The Shadow Hills Industries Mono Optograph is a discrete optical compressor in the API 500 Series form factor takes its cues and much of its design from the optical stage of its bigger brother, the Shadow Hills Mastering Compressor.
The Mono Optograph's front end is balanced by an original Jensen input transformer. The output utilizes our specially recreated Nickel transformer. The essence of the compressor's character comes from our custom electroluminescent cell and discrete op-amp combination. The high quality circuit is pristine enough for bus compression, and yet has a unique character reminiscent of an antique world class compressor, that has just now been discovered. It's also perfect for squeezing drum busses and massaging vocals. It's the perfect glue for tracking and mixing anything that needs to sound more finished, more like a record.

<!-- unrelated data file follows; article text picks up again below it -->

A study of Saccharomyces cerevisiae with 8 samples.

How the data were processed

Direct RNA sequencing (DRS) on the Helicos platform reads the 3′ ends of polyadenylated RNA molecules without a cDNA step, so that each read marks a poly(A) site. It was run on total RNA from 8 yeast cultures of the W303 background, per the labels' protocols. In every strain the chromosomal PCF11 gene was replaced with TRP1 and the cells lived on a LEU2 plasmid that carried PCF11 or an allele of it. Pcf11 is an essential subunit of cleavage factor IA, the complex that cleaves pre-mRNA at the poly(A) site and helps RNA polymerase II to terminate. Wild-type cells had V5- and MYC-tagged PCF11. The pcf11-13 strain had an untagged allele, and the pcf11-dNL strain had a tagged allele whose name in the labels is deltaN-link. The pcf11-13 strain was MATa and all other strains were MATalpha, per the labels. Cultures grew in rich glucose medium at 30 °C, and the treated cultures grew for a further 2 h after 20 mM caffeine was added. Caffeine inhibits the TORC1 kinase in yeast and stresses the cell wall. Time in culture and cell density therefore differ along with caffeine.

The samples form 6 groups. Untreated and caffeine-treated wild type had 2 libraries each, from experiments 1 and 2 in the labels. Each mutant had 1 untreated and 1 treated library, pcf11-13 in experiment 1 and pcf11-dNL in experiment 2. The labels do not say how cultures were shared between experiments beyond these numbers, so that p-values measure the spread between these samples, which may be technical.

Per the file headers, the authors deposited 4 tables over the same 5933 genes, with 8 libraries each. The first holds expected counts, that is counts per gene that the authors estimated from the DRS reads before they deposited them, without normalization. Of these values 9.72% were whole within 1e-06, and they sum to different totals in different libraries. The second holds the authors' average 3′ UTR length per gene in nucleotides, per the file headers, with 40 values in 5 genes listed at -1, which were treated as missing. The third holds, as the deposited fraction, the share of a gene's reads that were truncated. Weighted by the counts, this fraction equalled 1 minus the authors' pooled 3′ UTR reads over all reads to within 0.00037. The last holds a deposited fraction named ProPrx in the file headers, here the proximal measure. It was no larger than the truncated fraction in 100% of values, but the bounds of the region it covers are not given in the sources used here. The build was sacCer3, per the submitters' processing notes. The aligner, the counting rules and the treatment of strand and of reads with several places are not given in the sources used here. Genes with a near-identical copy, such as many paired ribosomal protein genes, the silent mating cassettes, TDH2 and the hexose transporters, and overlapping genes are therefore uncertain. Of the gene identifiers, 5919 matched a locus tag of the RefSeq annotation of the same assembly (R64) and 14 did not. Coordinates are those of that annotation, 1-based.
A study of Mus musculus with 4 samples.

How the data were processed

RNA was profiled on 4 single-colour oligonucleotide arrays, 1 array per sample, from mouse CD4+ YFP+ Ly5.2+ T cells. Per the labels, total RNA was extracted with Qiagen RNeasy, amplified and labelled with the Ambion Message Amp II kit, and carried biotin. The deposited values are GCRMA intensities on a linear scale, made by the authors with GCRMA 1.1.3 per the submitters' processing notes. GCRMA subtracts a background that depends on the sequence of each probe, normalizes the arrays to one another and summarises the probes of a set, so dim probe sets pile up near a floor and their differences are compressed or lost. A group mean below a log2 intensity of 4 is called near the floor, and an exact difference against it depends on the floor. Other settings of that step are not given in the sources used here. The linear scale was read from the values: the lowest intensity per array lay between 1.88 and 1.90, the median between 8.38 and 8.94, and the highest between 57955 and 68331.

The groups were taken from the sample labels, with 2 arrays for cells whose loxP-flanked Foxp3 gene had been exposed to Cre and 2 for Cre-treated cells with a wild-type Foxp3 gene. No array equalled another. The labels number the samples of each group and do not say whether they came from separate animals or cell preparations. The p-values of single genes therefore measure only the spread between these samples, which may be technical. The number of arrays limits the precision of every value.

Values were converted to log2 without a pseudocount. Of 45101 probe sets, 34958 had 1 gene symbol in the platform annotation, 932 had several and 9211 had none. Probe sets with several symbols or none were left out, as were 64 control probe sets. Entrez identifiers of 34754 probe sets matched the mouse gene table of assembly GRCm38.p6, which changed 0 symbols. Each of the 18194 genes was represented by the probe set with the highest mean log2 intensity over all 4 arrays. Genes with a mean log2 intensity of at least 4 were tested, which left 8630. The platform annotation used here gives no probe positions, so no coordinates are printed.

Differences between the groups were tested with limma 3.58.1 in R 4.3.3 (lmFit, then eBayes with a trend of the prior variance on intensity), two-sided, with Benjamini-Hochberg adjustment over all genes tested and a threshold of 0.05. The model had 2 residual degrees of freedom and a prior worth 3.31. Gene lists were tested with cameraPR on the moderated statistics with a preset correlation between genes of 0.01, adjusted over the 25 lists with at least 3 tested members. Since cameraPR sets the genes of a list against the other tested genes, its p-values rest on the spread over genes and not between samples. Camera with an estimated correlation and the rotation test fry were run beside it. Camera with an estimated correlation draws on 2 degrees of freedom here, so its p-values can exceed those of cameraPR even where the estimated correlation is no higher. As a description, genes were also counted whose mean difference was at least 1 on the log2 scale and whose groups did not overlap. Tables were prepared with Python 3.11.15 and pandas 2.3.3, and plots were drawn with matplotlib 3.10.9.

Just like The Mastering Compressor, the Optograph's threshold and make up gain are controlled by discrete attenuators, made from custom twenty-four position Elma switches. The tactile feel and quality of these controls are unrivaled. They are of the highest quality and will last forever.
Built into the side chain, are a very powerful series of filters: 90 hertz, 150 hertz, 250 hertz, and band pass. By engaging a specific filter, you choose at which point the onset of compression occurs. First position, nothing below ninety triggers compression. Second position, nothing below one-fifty. Third, nothing below two-fifty. The fourth position is a musical bandpass filter. In this position, compression is triggered by the program's mid-range frequency content, ignoring the highest and lowest frequencies. The filters are amazingly useful for shifting the focus of what should be more compressed and creating compression curves on purpose.
Another unique feature for sculpting the overall sonic character is the Transformer Desaturate mode. In this mode we cancel out any distortion and frequency non-linearity’s caused by the output transformer. The result is a pure, almost transformer-less sound, whilst still receiving the benefits, of limiting transients that can only come from magnetics.